The poor persecuted filmmakers


Another, and more current, focus of videographers rants is the apparent greed of adobe and Google. Yes, in move that's shocked the world, both companies seem to want to make money. Adobe has embraced a subscription based model, which means you'll only be able to access new software upgrades by paying a monthly subscription. YouTube plans to launch pay per view subscriptions. Both of these have one key feature: change. And it appears the Internet video communities don't like change. Or perhaps just like complaining.

Personally, I took out a creative cloud subscription last month. As a Premiere user only, I'm loving all the new toys. And although the novelty may well wear off, I've always wanted after effects, but could never justify the one off price to my wife.

At least the creative cloud outrage has stopped my twitter feed from being filled with reviews of the yet to be released Blackmagic pocket cinema camera. I do sometimes wonder whether us videographers are more susceptible to mob mentality. Everyone seems to be wetting their pants over this camera, which has yet to be released. And as my fellow pessimist said, we'AKEll soon be faced with a raft of flat, dull, washed out test shots on Vimeo. I'll probably buy one.

    While I've never personally been stopped by a police officer for filming there does seem to be a misconception by the constabulary that it is illegal to film in public, which it most definitely is not. We have a right to film in public under the same rules that the authorities can film us with CCTV cameras in most city centres. Just because they wear a costume doesn't give them any more rights than we have.

    Here is an example of what I mean. https://www.youtube.com/watch?v=EQT-SZ3U4h8 and here is an explanation by a chief constable that "it's not what we want our officers to do" https://www.youtube.com/watch?v=CKCUnxeJZs4.

    Taking photos or video has become much more sinister these days because of the so called "war on terror" and powers give to police under section 44 of the terrorism act.

    Another attack on photographers is the item Tim posted about people (corporations) being able to use any photo posted on the internet for free if the user "can't find" the person who took it.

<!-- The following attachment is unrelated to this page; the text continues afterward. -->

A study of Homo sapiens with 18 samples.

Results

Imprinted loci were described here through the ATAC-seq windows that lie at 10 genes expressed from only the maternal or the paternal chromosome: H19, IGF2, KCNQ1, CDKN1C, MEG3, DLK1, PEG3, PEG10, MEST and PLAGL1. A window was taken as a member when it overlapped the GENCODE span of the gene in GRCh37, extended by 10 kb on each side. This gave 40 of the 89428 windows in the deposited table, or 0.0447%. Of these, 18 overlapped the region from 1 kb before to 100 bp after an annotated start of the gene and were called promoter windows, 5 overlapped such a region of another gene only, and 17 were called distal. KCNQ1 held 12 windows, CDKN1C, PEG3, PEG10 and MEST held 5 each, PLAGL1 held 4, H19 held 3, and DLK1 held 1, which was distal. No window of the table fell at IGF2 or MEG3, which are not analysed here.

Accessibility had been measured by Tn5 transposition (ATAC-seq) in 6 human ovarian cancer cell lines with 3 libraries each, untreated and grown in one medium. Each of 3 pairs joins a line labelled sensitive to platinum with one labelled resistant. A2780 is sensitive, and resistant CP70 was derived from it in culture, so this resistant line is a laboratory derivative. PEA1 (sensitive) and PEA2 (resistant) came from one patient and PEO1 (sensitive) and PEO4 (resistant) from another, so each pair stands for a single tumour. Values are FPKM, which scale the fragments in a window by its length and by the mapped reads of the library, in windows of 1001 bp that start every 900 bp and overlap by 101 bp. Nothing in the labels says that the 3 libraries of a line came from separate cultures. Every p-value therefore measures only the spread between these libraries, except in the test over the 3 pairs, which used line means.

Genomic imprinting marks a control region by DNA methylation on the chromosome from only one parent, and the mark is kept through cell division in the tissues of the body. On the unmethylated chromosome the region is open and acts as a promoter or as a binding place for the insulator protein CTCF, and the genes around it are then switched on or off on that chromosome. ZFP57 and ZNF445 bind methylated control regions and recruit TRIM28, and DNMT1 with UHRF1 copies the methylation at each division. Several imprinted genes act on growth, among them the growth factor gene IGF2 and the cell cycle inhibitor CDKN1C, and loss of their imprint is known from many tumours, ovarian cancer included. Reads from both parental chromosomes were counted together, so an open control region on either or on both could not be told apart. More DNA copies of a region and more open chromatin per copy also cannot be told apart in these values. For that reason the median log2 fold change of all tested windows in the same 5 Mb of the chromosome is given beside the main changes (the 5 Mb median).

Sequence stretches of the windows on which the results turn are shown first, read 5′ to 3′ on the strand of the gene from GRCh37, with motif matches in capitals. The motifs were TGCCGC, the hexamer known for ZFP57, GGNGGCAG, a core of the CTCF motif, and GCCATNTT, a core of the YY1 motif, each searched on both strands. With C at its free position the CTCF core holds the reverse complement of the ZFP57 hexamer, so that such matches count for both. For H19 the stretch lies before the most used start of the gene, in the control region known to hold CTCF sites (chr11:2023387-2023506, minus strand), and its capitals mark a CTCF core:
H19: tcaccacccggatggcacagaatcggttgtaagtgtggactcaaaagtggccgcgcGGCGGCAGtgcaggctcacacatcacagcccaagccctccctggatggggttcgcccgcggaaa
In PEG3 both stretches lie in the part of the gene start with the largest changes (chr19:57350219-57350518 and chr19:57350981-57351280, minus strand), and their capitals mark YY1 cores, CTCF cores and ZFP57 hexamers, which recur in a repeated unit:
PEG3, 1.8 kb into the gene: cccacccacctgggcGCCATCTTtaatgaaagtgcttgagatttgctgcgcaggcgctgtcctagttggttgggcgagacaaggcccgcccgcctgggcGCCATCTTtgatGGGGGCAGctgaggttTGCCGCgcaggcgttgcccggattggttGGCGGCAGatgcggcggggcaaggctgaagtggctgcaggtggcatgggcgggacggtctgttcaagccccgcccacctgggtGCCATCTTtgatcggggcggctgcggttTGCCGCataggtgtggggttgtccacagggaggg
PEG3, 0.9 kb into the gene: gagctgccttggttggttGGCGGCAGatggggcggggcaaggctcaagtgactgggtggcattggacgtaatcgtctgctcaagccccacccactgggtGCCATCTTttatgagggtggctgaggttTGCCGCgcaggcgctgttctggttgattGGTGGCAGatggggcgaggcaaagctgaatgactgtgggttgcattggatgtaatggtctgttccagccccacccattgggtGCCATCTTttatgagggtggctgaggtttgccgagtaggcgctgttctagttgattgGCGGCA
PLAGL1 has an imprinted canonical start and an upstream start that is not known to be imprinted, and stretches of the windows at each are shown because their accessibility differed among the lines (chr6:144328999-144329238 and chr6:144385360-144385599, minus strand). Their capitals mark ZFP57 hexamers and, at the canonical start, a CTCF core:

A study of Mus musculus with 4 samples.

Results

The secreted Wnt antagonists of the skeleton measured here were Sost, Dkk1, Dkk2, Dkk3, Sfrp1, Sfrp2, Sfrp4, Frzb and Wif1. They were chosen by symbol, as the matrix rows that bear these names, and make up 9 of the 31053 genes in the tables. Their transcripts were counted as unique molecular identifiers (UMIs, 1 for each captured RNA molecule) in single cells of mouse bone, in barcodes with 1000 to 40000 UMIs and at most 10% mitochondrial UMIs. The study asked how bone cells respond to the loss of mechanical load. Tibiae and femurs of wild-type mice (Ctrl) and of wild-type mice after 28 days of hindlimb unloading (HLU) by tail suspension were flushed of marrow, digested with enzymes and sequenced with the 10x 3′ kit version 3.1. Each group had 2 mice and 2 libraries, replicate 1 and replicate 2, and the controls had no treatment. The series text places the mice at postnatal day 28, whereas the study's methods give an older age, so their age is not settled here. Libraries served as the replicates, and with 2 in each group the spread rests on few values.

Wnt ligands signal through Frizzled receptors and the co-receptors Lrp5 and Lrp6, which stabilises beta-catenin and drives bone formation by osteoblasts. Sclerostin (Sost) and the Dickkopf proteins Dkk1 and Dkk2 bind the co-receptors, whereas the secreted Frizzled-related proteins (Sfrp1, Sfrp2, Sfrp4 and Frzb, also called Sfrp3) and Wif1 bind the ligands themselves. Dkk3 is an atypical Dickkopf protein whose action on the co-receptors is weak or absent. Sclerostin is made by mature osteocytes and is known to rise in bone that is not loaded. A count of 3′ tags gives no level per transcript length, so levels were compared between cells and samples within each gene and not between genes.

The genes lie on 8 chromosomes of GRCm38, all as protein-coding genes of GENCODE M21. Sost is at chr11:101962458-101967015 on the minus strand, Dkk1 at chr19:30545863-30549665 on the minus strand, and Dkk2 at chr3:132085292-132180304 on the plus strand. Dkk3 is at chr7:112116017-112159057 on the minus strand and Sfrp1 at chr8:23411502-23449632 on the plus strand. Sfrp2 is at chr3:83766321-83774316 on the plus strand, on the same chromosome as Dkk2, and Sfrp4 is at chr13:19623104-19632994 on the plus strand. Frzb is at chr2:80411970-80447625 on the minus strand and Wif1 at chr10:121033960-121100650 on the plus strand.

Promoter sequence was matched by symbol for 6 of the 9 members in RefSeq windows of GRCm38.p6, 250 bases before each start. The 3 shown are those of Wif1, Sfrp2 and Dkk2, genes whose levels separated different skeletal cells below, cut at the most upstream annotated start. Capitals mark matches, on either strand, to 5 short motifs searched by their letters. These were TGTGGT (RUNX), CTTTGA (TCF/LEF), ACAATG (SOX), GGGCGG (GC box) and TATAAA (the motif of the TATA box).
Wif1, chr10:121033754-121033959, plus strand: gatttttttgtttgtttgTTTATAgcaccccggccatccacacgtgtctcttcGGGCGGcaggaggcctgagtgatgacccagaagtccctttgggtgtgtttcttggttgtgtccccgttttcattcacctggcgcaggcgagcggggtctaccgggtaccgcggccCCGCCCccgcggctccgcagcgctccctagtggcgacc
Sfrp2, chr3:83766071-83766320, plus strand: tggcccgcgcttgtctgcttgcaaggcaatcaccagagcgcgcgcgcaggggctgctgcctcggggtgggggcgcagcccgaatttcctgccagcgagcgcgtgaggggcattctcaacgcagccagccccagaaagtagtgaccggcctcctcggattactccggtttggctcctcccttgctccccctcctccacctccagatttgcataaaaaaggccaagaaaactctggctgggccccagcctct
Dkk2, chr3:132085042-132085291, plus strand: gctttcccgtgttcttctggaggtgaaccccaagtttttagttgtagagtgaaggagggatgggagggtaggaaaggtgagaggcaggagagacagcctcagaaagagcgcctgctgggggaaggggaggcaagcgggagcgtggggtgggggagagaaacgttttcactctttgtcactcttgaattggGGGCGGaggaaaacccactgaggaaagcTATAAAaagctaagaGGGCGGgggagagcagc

For me the civil liberties aspect is a worrying part of modern life. As for YouTube wanting to charge subscriptions for some channels, well that was nailed on as soon as Google bought it. I'm surprised that Adobe have taken this bold step and it will be interesting to see how this works for Adobe users and the company. I wonder if this might trigger an increase in pirate software for Adobe products.
  2. Marc Peters's Avatar
    Some say anti-piracy was one of the drivers for the move to the cloud
  3. Stripe's Avatar
    There's another dimension to this now. I recently entered a film comp where I had to have a signed form for every recognisable person in the film. So despite the fact it is legal to film in public, the people running the comp did not want Joe Public coming to them for royalties if they ever used my film for promotional purposes. Can you imagine the admin nightmare of a stadium crowd scene?

    Yep, they want their ass covered, and they know that the film maker is going to oblige, otherwise they will just go find another film maker.

    We are 10 a penny low life now, the days of being revered are nearly over.
  4. Poolboy's Avatar
    Youtube paid subscriptions is an experiment, and it is more about helping content creators make money more than making Google money. It was like their PPV experiment that they pushed heavily a couple of years ago but it was a failure so they quit talking about it. The paid subscriptions is optional and most content will still be free, same as always.